Sequels. We hate them because they’re so often just lame retreads of what made the original film so enjoyable in the first place, pale imitations of greatness. Sometimes they’re crazy or weird or their own thing, but most of the time they’re terrible, boring and uninspired. But every now and again a sequel comes out that doesn’t just equal the original, it all but blows it out of the water. It’s rare, but it’s the occasional miracle that keeps us interested in sequels, no matter how much we know better.
These are seven sequels that are better than the original. A few small ground rules: These are all number twos – no third or fourth entries allowed. These are all actual sequels, not vague continuations, prequels or gussied up remakes. They’re standalone movies, not filmed at once as part of a pre-planned trilogy. And these are all great movies on their own.
The Empire Strikes Back – After Empire, Star Wars almost seems quaint. Irving Kershner and screenwriters Leigh Brackett and Lawrence Kasdan open up the Star Wars universe in a major way, and they present exciting new shades of gray into the proceedings. While Lucas’ original film was a reimagining of Flash Gordon serials, Empire feels weightier, bigger and more in line with printed pulpy space opera. Grown up and throwing away the formula, Empire is really the only Star Wars film that works for me anymore.
Bill & Ted’s Bogus Journey – While the original Bill & Ted is filled with wacky charm (the basic concept that all of these historical figures – including two murderous maniacs – would help a couple of dummies pass a school presentation is so delightfully sweet) the sequel opts for the big scale weirdness. Writers Chris Matheson and Ed Solomon could have just had Bill and Ted visiting other eras in history, but this time a metaphysical trip is in order, with Heaven and Hell on the itinerary. And along the way awesome new characters – Station! – join the proceedings, leading up to an ending that I think uses time travel gags much better than the first film.
The Road Warrior - The original Mad Max is a scrappy Ozploitation film (heavily influenced by 1974’s Aussie Stone), but it keeps the end of the world business too far at the margins for my tastes. And it’s essentially an origin story, a sort of vehicular Outback Death Wish. It’s the sequel, The Road Warrior, where Max’s world comes into sharp, eternally defining focus. As does the character of Mad Max, fully transformed into a high wasteland drifter. With a budget comes scope, and George Miller’s vision gets bigger, stranger and more action-packed.
Star Trek II: The Wrath of Khan - Not just the greatest Star Trek movie, this is the greatest space combat movie of all time. It’s also a movie that understands the characters are just as important as the phaser bolts, and it balances the exciting submarine warfare of two ships in a nebula with the exciting personal warfare of two driven men. Thrilling, fun, sad and gripping, this is everything the lethargic, 2001-inspired Star Trek: The Motion Picture never was.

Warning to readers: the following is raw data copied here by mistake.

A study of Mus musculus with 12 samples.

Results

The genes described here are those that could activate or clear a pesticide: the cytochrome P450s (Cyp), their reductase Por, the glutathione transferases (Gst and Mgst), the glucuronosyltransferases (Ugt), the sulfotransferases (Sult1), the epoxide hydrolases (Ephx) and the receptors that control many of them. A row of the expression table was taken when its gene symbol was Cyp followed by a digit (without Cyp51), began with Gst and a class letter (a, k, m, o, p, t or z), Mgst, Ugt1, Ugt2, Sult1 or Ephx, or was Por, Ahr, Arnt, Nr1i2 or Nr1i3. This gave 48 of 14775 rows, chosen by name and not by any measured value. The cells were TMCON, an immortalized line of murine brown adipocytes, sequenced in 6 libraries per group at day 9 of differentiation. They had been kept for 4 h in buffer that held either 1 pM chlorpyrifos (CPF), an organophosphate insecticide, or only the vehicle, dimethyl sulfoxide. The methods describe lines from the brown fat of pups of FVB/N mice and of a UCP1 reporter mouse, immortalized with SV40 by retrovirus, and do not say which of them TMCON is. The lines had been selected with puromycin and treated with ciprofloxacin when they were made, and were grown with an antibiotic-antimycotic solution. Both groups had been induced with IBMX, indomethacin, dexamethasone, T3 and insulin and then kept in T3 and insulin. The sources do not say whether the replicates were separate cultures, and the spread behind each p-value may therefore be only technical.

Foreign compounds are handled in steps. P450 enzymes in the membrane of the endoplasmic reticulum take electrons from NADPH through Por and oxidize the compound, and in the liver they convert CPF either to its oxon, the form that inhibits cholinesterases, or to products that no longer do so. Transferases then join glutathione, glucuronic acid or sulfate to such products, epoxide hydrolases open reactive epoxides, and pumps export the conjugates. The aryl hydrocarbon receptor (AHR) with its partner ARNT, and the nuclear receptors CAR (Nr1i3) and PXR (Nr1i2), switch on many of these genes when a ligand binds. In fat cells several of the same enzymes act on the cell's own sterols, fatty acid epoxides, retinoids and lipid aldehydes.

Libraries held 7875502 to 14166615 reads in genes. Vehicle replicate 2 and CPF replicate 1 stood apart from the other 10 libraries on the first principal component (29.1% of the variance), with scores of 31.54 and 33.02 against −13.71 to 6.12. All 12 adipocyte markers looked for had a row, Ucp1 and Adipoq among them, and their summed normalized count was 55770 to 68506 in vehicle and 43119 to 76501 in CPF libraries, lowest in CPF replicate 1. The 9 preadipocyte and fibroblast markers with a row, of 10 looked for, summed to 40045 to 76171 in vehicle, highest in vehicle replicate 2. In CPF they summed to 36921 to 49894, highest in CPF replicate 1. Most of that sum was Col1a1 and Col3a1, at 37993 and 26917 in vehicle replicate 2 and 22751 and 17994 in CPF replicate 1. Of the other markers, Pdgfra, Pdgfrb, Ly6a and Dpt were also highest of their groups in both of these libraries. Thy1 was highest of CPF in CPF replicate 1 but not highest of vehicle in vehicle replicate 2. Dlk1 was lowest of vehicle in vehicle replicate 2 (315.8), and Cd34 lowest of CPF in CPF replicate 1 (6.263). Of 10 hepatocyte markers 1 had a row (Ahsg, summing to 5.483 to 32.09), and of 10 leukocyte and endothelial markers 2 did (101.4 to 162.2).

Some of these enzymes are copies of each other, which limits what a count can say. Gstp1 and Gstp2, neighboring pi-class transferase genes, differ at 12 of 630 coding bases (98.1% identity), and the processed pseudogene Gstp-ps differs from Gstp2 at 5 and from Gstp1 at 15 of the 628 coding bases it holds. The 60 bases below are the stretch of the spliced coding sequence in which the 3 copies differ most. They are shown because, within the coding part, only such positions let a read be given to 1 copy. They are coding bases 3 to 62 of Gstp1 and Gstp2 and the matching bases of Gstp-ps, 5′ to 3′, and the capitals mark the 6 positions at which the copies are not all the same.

The Bride of Frankenstein - James Whale thought he couldn’t outdo Frankenstein so he turned this sequel into a semi-comedic take; in fact, watching the film you’ll be surprised at how little Young Frankenstein had to change for the parts it spoofed. And it’s filled with unbelievable oddness, like evil Dr. Praetorius’ collection of tiny people (his own attempts at making life), The Monster’s predilection for a good smoke or the ambiguous nature of Frankenstein and Praetorious’ relationship. But it also manages to be chillingly ugly at moments and ultimately incredibly sad. The Monster proves to be totally emo and unable to take rejection from his Bride (played with hissingly good theatrics by Elsa Lanchester), but you understand where he’s coming from. Dude just wants a friend and a smoke. It’s the interplay of comedy and horror and tragedy that makes Bride of Frankenstein easily the best of all Frankenstein movies.
A Shot in the Dark - This sequel to The Pink Panther came out three months after the original. And it was never intended to be a sequel to The Pink Panther. But it is the film that creates the world of Inspector Clouseau that we all know – it was here that Peter Sellars took his accent way over the top, and it was here that Dreyfus and Cato were introduced. In fact, it could be argued that A Shot in the Dark is the first real Pink Panther movie (even though the Pink Panther is not in it or, if I recall, even mentioned). It’s also a lot funnier than The Pink Panther, if a little broader. But Clouseau at the nudist colony or playing pool with a wickedly warped cue are the kinds of gags that appealed to me as a kid watching the films on TV and still appeal to me now. And beyond all that, A Shot in the Dark has Elke Sommer, and we all know that films with Elke Sommer are better than films without her.
The Godfather, Part II – Not just the best sequel ever but possibly the best film ever made, Francis Ford Coppola’s stunning masterpiece doesn’t so much blow The Godfather out of the water as it stands on that film’s shoulders and ascends into the heavens. Building on the rich, complex world and characters of the first film, Coppola shrewdly moves forward while looking back, contrasting the rises of two generations of Corleones. The depth of the film is staggering, as is the craft; at this point Coppola was firing on all cylinders, just before blowing out on Apocalypse Now, and he simply nails every single moment. The reality is that even the best movies I see in any given year aren’t half as good as The Godfather, Part II.